No Pain, No Gain Well, It Depends…

No Pain, No Gain??? Well, It Depends…

“My knee feels funny, should I keep running?”

“Hmmm, my hip feels icky…I’ll just finish the last 2 miles of my 12 mile training run.”

These are the thoughts that go through my athletes heads when something just doesn’t feel ‘right’ during training. And more often than not, athletes push through the discomfort to make sure they ‘finish their run’. Listening to their bodies seems foreign and takes a back seat when following their training schedule. Don’t get me wrong…commitment to and consistency in following your training schedule is the key to success in your race…but not at the expense of an injury. […]

I like to educate my athletes on what is considered to be ‘acceptable’ pain and what is ‘unacceptable’ pain. If you’re an athlete and training consistently for races, niggles are commonplace and inevitable when you are putting your body through the daily challenges of training. As your body adapts to these challenges, you get stronger and more endurant. However, sometimes, when you’re body feels ‘pain’, this is a signal or alert system that something is not right. Listen to this alert system and trust that you may need to back off. There is a buffer between where your body feels ‘pain’ and when ‘tissue injury’ actually happens (i.e. hamstring strain, Achilles tendonitis, etc.). But pain is your first signal to tell you to back off. If you don’t back off and decide to push through this pain, that’s when tissue injury may happen…and set you back in your training for weeks.
Here are some guidelines I give my athletes that may help you decide whether to continue your training run or stop the next time you feel pain…
ACCEPTABLE PAIN:

  1. A pain level of 4 or below on a scale of 0-10 DURING the activity.
  2. A pain level of 4 or below on a scale of 0-10 during the 48 HOURS AFTER the activity.
  3. No limping or deviations in form during the activity. 

UNACCEPTABLE PAIN:

  1. A pain level of 5 or above on a scale of 0-10 DURING the activity.
  2. A pain level of 5 or above on a scale of 0-10 during the 48 HOURS AFTER the activity.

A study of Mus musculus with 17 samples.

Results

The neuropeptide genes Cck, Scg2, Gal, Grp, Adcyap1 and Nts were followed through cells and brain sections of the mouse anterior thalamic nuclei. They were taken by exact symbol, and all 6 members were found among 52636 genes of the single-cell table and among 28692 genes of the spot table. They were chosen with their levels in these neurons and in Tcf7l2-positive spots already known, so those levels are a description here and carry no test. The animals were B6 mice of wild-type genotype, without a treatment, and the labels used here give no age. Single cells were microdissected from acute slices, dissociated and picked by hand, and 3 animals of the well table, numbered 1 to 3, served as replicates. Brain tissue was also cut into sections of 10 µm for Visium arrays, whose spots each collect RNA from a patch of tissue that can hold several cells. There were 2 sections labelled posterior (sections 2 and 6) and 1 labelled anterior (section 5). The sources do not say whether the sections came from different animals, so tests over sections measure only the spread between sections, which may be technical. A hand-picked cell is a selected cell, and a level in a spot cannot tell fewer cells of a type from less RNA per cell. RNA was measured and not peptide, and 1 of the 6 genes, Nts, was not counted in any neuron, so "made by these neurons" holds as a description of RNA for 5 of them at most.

3. Limping or alterations in form during the activity. 

If what you’re feeling falls in the ‘ACCEPTABLE’ category, you may continue with the activity that you are doing. If you are having pain, even though it’s below a 4 out of 10, it is recommended that you do not perform the activity on consecutive days in order to allow you body some recovery time in between so as to not overload the tissues. 

If what you’re feeling falls into the ‘UNACCEPTABLE’ category, it is recommended that you do not continue with the activity and seek professional medical advice from a physical therapist or sports chiropractor who can help coach you through alternative ways to continue training and recovery from your injury. The worst thing you can do is push yourself so much past pain that you incur a tissue injury that sidelines you from your training. A physical therapist who works with athletes regularly will guide you in which exercises you should be doing at home to help you recover quickly as well as provide you with a structured schedule to train and exercise so that you don’t exacerbate your injury.

The next time you’re out for a run and not feeling quite right, use these guidelines to help you decide whether or not it’s worth it for you to continue. If you are struggling with pain that is persistent and you just can’t shake, just click on the button below and we’ll get someone on the phone with you right away to help you make the best decision of what to do next.